For the past decade, Ava DuVernay has been making movies and shows that changed how Americans, and the world, view the Black experience. From Selma to the 13th (both Oscar-nominated) to her diverse take on A Wrinkle in Time, and more recently to her fictionalized drama on the life of basketball player/activist Colin Kaepernick, Colin in Black and White, DuVernay insists on making entertainment that matters.
DuVernay recently got into the unscripted business, but her new project for Peacock -- Home Sweet Home -- is a far cry from bachelors and housewives. The series, which premiered last month, features very different families swapping lives and homes for a few days; learning their routines, customs, joys, and sorrows. The show is not about conflict, but understanding. Home Sweet Home's first episode featured a Black, queer, women-led household exchanging homes with a Greek-American family headed by opposite-sex parents. Issues of race and privilege were explored, but through communication and epiphanies, not shouting matches. DuVernay spoke with The Advocate about the show and whether such a well-intentioned project can survive in an entertainment landscape where drama and fighting leads.
What was the impetus for the show? We came up with it last summer; we were all quarantined and in the house, fortunate enough to be able to stay home. A lot of people weren't. So we were in our homes and trying to get through last summer and a lot of cultural unrest and instability and politics were happening; it was a hot mess. This show came out of a hot mess. The stew of turmoil. I started to think about the things that anchor us all. I became really grateful I could go home and close the door and just be myself at home. I know a lot of people were doing that and I became curious about what other people were doing behind closed doors and came up with this idea of wallking a mile in other people's shoes in their most intimate space -- their home. We put together a show that wasn't based in conflict, but in curiosity.
In the first episode, the two queer moms kept their cool -- even when they had to out themselves and when a member of the other family touched one of the women's hair. Thank you for watching the show so closely. Ynidia was the coolest cucumber. There were things that happened where I would have reacted differently. We didn't do any prep; there were no contrivances in the show, like, "do [that take] again." I thought if I was going to do this, unscripted, I'm going to do it my way, which is documentary-style. What happens is what you see. Ynidia was so vulnerable early on. One of the things that made me cry in the edit was when she said, "If these people come in and are mean and unkind to my family, I'll be devastated."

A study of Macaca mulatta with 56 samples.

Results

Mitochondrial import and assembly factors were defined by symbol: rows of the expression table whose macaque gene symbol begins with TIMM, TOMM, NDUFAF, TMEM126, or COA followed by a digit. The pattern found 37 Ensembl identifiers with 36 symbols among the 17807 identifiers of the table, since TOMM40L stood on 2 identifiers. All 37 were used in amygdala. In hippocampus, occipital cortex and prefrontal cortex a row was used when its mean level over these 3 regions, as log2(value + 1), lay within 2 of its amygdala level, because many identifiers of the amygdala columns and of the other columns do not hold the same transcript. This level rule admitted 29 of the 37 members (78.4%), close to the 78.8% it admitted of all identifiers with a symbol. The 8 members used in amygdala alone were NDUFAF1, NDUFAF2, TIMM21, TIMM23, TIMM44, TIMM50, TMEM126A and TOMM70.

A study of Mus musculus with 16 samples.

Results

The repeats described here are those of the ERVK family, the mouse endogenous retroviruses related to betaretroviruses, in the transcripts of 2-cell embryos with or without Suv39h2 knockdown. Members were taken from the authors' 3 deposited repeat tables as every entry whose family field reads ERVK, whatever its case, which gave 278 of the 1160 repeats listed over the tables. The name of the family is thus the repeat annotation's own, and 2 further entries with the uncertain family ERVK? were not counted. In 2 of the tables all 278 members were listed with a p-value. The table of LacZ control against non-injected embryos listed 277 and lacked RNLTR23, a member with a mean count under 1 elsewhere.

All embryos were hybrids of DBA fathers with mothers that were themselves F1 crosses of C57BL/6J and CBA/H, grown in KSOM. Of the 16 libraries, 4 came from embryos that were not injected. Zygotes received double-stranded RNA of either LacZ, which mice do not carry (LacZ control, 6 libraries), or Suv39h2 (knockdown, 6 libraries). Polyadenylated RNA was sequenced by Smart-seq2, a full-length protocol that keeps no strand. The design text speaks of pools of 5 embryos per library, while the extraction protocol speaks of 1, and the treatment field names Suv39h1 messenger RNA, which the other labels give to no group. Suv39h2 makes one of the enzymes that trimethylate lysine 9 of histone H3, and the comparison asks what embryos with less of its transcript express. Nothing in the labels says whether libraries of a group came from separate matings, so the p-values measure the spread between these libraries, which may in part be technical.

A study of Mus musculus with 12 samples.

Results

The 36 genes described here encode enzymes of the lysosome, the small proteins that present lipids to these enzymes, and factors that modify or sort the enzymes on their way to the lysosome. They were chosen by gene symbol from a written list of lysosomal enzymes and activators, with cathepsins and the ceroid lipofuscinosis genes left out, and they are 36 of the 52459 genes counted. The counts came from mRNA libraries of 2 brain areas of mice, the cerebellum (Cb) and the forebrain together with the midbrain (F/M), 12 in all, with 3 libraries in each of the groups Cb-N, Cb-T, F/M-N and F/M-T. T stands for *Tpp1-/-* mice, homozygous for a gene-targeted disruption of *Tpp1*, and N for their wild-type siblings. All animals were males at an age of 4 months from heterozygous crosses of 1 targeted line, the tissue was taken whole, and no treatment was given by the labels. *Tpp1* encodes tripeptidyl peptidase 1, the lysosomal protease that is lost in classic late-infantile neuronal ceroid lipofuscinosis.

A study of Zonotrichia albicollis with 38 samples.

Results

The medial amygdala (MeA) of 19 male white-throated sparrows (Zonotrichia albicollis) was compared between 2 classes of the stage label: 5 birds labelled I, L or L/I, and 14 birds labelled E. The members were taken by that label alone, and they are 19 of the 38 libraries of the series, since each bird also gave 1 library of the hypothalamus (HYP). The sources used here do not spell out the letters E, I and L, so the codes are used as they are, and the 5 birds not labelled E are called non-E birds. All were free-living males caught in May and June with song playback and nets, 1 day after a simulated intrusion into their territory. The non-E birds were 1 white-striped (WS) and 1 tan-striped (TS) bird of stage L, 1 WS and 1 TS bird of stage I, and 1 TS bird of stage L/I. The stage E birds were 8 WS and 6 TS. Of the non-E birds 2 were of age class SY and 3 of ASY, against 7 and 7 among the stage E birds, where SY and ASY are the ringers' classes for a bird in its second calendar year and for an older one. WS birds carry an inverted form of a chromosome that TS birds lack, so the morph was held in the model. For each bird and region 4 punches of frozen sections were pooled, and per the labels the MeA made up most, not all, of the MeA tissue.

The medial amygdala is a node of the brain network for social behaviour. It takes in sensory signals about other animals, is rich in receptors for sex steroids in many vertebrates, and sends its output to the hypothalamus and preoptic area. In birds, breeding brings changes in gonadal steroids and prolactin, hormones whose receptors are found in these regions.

She had learned about the other family's language and their dance. She really exemplified someone who delved into the experience and handled the thing with such grace. When the man touched her hair, I said, "Ooh, child."
Photo by Casey Durkin/NBC
LGBTQ+ parents and especially LGBTQ+ parents of color are judged all the time. They have to keep their composure against microaggressions, and real aggressions, especially when kids are present. It's unfortunate that the only acceptable response is to stay cool. It's privileged to be able to say what you really feel.
Another effecting scene is when Ynidia cries when thinking about how they, as Black people, don't have the same cultural markers that the Greek family does -- because the diaspora, racism, and slavery denied them some of the traditions of their ancestors through erasure. How important was that scene to you? It was extraordinary and so telling. Ynidia is looking through this Greek family's pantry and seeing their culture and their history just through their pantry. This isn't a history lesson, this isn't politics, this is just food and the realization that their culinary taste as a family is so steeped in a lineage that goes back hundreds of years. It was extraordinary to watch unfold and my highest hope for the show would be; putting people who are curious in each other's spaces and watch how they feel and how they react and how they share. It became a profound lesson that's sprinkled throughout the whole series. I never could have written that. It was exactly what the show was supposed to do.
You said before the show was not about conflict, but so much unscripted television is. How do you make a reality show without the screaming and yelling? How do you keep people's interest? I don't know! I don't even know if it's going to work. We're not trained to watch something unfold without conflict at the center and yet there are dramatic moments like the ones we talked about that come from a more organic place that's not contrived. It's drama, but it's not conflict. If it's conflict, it's internal conflict that someone's working out. Will that work on network television? I don't know! But I was willing and eager to roll the dice to see and I feel proud of the piece. If it has a small viewership for one season that is worth it because someone might see it and change their mind about the Muslim family or the queer Black family. Even those few are wins.